The beginning of the year was both sensational and shocking, don’t you think?

Many companies and start-ups were waiting to enter the new year with something extraordinary (as usual). Some news, on the other hand, left me no doubt jaw-dropping in a negative way, for certain. It is hard to opt for one story, because this month was full of surprises, so, these are the stories that caught my attention.

What did go wrong with statistical research this month? New social and anti-social niche networks are popping up almost everywhere, but the question remains the same: are teenagers leaving Facebook?  According to Princeton, they are, that is, according to their lack of professionalism and researching skills. The researchers first concluded that Facebook is a disease (?), and then, that people are leaving the network just because they stopped searching for Facebook page (somewhere at the end of 2012). It is obvious that researchers forgot that most people are logging in on their smartphones, however, no data on mobile usage are provided. Facebook “fired back” , and I can only say this: Good luck Princeton’s graduates, because this is the first thing that will cross someone’s mind for quite some time after they hear you went to Princeton.

The last thing you would wish for at the beginning of a year is a negative review or bad investment. With a competitive market for fitness trackers, Fitbit has positioned itself as a company with great, and more or less, affordable products. Reports from users about skin irritation and rashes from Fitbit Force reached forums and social media, but the company reacted accordingly, apologizing, offering a refund or different product replacement, and getting to the core of the problem, which happened to be nickel. It is probably not big of a deal for some people, however, it is not a great way to start a year. As for the investments, those who invested in Bitcoin were probably taken by surprise (or not?) after Charlie Shrem was arrested for money laundering.

What’s Google’s favorite word now? Many of us have been wondering whether or not Google Glasses will succeed, and though we are still not sure (given the growing competition), it seems that Glasses are getting more negative points (even with prescription lenses), because if you wear it in cinema you will probably be dragged out with accusation of piracy. As for the Google, the word control dropped down to second place on their list of favorite words, now, first on the list is artificial intelligence.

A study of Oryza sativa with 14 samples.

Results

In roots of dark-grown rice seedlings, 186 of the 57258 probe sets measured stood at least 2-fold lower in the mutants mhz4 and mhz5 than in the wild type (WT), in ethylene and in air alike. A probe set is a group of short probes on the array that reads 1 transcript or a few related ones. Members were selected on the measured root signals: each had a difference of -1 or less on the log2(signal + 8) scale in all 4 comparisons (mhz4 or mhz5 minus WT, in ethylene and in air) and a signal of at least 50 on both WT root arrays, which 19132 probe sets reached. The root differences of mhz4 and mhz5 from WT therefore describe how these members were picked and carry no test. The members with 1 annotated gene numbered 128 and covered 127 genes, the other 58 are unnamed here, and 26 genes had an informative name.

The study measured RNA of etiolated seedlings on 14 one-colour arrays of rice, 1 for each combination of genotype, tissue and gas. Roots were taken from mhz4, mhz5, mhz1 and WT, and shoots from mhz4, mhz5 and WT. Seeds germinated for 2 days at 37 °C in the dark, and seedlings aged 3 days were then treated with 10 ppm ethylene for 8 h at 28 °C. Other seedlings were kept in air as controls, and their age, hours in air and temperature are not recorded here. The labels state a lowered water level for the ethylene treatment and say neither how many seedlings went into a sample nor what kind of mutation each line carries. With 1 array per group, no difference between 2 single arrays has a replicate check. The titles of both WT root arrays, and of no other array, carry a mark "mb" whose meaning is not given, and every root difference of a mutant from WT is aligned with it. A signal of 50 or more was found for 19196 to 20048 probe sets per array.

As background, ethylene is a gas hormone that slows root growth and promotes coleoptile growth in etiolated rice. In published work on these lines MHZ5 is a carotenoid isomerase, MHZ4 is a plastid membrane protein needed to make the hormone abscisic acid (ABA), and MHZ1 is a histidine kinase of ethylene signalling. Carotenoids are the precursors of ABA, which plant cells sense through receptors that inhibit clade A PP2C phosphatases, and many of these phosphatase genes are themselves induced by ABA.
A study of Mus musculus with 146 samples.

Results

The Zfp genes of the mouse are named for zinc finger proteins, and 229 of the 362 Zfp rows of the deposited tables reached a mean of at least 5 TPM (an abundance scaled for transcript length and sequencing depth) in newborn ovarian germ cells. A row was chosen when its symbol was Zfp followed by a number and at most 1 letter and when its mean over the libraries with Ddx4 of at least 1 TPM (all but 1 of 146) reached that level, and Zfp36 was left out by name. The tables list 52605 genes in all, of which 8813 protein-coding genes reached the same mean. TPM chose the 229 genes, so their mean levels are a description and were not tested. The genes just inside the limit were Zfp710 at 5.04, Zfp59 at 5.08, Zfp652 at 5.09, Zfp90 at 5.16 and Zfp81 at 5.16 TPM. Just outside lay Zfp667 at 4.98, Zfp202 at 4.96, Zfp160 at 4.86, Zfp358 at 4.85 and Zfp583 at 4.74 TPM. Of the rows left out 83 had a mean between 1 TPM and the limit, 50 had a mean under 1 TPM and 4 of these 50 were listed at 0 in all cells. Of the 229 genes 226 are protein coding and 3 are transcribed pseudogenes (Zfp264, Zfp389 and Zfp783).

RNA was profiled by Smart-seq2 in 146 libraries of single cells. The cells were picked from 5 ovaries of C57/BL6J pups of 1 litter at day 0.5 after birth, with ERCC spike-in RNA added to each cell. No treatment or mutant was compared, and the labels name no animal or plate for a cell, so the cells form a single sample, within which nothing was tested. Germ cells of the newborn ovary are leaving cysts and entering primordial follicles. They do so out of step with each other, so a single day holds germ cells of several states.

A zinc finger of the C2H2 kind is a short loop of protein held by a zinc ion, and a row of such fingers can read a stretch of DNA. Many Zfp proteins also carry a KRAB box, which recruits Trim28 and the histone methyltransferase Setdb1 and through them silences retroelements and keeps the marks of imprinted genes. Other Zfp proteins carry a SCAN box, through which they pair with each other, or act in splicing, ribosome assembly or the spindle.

We can now stop being smartphone addicts, with a new app, of course, and keep on living, with or without surveillance. With a new app called Menthal (what an interesting name?) we’ll be able to see how much time we are spending online, and how much time we are “hanging out” with our smartphone friends. The app will also tell us if we are depressed, or not. Another interesting app that received very good reviews is the one called #NotBuyingIt. You are perhaps already familiar with the hashtag of the same name used in social media for the movie Miss Representation, and the movement for that matter, to call out sexism in media and objectification of women. The app is available for iPhone and it’s free, so you can use it to create, win and join campaigns related to sexism, or to support those campaign that have positive impact.

3D printing is going through eruption of possibilities, that’s for sure, and while 3D printed food is awesome, and world’s first multi-color and multi-material 3D printer is awesome as well, I was really taken aback with the idea of building a 2,500 square-foot house with 3D printer in 24 hours.

So, what have we learned this month? Think twice before you consider using PayPal or GoDaddy. Read Naoki Hiroshima’s story.

And the top story this month is? Hard to tell, given that I haven’t said a word about the fight for transparency of information, or Apple’s sales report, or the android malware, or the one-wheeled motorcycle, or the man who risked his life to save Xbox from fire. Hard to tell, indeed.

It is great though that we can read Le Transperceneige in English.

About Olivia Collin

Olivia Collins is a passionate writer, interested in social science and culture studies. When not writing, or reading, you can find her riding a bicycle or testing her strength rock climbing. And, yes, she loves IT world.